March 11--A public hearing will be held Monday night about an upcoming fare-payment system that offers new options for CTA and Pace customers, but also contains costly penalties -- most notably a $3 cash CTA rail fare -- that transit riders can avoid, with a little effort.
The hearing seeking public feedback on the new Ventra fare card is required by law because of the new fees introduced in the open fare system, which is tentatively set to launch this summer, officials said. The hearing will begin at 6 p.m. at CTA headquarters, 567 W. Lake St., Chicago.
The changes are the result of a $454 million contract the CTA awarded to Cubic Transportation Systems in November 2011 to begin privatizing the fare-collection process.
The new fees being imposed are in connection with:
-- The purchase of $3 single-ride paper tickets on CTA trains, representing a 33 percent increase over the $2.25 base rail fare.
-- A $5 charge to purchase one of the new Ventra reloadable smart cards, which can be used on the CTA and Pace as well as at retail businesses where debit cards are accepted. The Ventra card will replace the CTA Chicago Card next year.
-- A $5-per-month "dormancy fee" that will be charged to transit accounts that are inactive for 11/2 years.
Not all of the charges were disclosed when the CTA announced Ventra last September. Despite the lack of initial transparency, transit riders can dodge the new fees. Today's Getting Around column will explain how.
The advice will be particularly important to low-income individuals, many of whom often pay fares using cash and would be among the hardest hit by a $3 rail fare. CTA customers can obtain a Ventra card on a no-cost basis and, if desired, maintain a small balance to avoid paying the $3 rail fare.
About 6 percent of CTA fares are paid with cash, according to the transit agency.
Critics say the new costs will be painful for both low-income and infrequent riders, and some question the decision to turn over fare-collection responsibilities to third parties under the 12-year contract between the CTA and Cubic.
"It is very dangerous to allow a private company to have access to the fare box on each bus and at each 'L' station, which is what CTA is doing," said Charles Paidock, secretary of Citizens Taking Action, a group representing transit-dependent individuals. "It doesn't put one bus on the street or a train on the track."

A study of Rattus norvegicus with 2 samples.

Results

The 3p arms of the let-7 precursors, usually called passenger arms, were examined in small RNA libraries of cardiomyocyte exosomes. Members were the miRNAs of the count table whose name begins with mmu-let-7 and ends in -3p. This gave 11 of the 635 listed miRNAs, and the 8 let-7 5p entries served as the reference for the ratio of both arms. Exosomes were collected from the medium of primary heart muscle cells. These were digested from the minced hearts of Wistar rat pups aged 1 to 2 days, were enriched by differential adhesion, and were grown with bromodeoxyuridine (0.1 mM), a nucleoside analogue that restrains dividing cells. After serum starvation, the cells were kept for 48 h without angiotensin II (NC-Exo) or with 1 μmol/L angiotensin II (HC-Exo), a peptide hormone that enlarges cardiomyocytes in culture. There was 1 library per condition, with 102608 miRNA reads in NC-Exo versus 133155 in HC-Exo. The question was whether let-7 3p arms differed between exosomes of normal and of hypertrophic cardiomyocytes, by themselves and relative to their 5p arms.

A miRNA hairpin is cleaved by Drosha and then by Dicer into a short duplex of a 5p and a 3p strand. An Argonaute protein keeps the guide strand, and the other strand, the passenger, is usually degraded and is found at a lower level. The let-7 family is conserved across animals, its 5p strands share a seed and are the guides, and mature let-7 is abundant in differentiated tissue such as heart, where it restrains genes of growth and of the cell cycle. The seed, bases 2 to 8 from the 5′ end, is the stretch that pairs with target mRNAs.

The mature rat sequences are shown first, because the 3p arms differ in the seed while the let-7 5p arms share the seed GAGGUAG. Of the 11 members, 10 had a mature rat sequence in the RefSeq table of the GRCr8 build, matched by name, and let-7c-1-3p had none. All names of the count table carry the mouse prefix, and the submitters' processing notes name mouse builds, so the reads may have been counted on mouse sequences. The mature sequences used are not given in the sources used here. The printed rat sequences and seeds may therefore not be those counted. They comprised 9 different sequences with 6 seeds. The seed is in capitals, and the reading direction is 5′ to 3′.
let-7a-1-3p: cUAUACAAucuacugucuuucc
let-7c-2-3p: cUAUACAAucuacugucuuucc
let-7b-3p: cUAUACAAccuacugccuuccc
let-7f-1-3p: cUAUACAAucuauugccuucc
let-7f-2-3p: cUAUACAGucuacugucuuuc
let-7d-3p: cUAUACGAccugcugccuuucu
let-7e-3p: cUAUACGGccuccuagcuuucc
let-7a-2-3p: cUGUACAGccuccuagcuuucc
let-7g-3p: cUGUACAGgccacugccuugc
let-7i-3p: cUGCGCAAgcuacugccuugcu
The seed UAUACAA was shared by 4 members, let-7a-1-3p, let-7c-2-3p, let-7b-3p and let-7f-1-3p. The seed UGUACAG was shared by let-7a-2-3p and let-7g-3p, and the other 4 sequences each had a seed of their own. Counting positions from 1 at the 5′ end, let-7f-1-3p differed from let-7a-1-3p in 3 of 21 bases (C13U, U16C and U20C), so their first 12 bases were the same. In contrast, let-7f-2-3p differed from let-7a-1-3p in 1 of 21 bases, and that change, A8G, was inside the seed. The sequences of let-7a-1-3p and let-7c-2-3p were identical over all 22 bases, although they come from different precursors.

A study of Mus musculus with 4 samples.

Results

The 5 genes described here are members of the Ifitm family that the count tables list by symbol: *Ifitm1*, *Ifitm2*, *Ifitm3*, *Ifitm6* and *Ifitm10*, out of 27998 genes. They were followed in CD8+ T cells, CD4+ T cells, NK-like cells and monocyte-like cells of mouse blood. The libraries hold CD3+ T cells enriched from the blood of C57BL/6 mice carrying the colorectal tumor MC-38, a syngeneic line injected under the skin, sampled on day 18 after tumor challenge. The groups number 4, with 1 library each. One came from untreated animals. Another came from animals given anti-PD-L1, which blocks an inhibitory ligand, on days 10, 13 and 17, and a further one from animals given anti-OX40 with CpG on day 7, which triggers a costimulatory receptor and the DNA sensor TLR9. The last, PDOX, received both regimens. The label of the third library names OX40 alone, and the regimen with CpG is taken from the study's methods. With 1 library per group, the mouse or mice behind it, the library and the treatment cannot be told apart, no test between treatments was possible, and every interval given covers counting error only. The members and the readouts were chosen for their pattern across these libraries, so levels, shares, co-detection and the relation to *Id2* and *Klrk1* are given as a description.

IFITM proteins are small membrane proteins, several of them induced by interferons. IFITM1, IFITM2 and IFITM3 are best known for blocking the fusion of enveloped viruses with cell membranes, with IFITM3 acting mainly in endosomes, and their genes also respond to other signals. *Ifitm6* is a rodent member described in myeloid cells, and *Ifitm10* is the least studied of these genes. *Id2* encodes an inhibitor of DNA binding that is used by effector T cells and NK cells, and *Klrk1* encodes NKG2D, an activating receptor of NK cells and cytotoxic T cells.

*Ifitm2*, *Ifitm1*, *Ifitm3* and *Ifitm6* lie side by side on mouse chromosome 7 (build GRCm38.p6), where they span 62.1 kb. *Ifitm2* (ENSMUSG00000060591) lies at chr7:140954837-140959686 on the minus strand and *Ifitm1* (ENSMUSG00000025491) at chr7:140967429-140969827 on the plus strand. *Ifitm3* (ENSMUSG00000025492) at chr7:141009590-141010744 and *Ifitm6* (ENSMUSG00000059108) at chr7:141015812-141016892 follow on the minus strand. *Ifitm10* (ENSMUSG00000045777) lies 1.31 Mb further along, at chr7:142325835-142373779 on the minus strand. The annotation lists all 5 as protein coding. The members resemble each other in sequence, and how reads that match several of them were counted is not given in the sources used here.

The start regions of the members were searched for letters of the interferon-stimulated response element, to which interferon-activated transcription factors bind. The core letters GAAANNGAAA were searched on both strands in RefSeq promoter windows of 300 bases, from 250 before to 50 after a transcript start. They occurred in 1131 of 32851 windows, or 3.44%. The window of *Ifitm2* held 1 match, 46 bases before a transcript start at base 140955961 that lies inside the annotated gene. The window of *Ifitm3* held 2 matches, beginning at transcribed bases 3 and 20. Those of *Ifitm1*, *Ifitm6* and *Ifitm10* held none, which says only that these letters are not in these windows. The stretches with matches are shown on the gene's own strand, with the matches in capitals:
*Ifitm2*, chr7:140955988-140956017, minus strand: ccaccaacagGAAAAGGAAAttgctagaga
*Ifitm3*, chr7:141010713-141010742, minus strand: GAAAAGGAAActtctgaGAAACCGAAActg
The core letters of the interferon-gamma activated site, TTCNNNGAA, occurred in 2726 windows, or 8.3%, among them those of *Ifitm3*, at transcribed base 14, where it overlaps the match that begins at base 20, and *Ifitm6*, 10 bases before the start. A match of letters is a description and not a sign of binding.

Under the new system, riders who do not use Ventra cards will be able to pay fares with credit or debit cards, CTA passes or the single-ride tickets. Paying fares using cellphones will be introduced at a later date, officials said.
Buses will continue to accept cash fares, but using cash to purchase a single-ride ticket on trains will become more expensive. Currently, people who pay bus fares using cash already forfeit the opportunity to buy a 25-cent transfer, which is valid for two rides, so these cash-payers must pony up the full fare for each boarding.
Starting this summer when Ventra is launched, CTA rail customers paying with cash will be charged $3 to purchase a single-ride paper ticket at train stations, instead of paying the $2.25 base fare that will remain in effect for all other fare-collection methods. The cash fare on buses will stay at $2.25, officials said.
The $3 charge includes a 50-cent fee to cover the cost of producing the disposable paper ticket containing a computerized chip, and 25 cents for a transfer, regardless of whether the rider uses the transfer.
Cash-payers can avoid the $3 rail fare by obtaining a Ventra card. The card costs $5 initially, but a $5 credit will be applied toward fares if the card is registered within 90 days, officials said.
Reloading the Ventra cards with money will be convenient, officials said, because by late this year or early in 2014 about 2,000 retail locations in the CTA service area will be outfitted for Ventra customers to add value to their cards. Most of the 2,000 locations are within one-third mile of a CTA bus stop. Currently, there are 600 locations, mostly at CTA rail stations, to reload the CTA's Chicago Cards, officials said.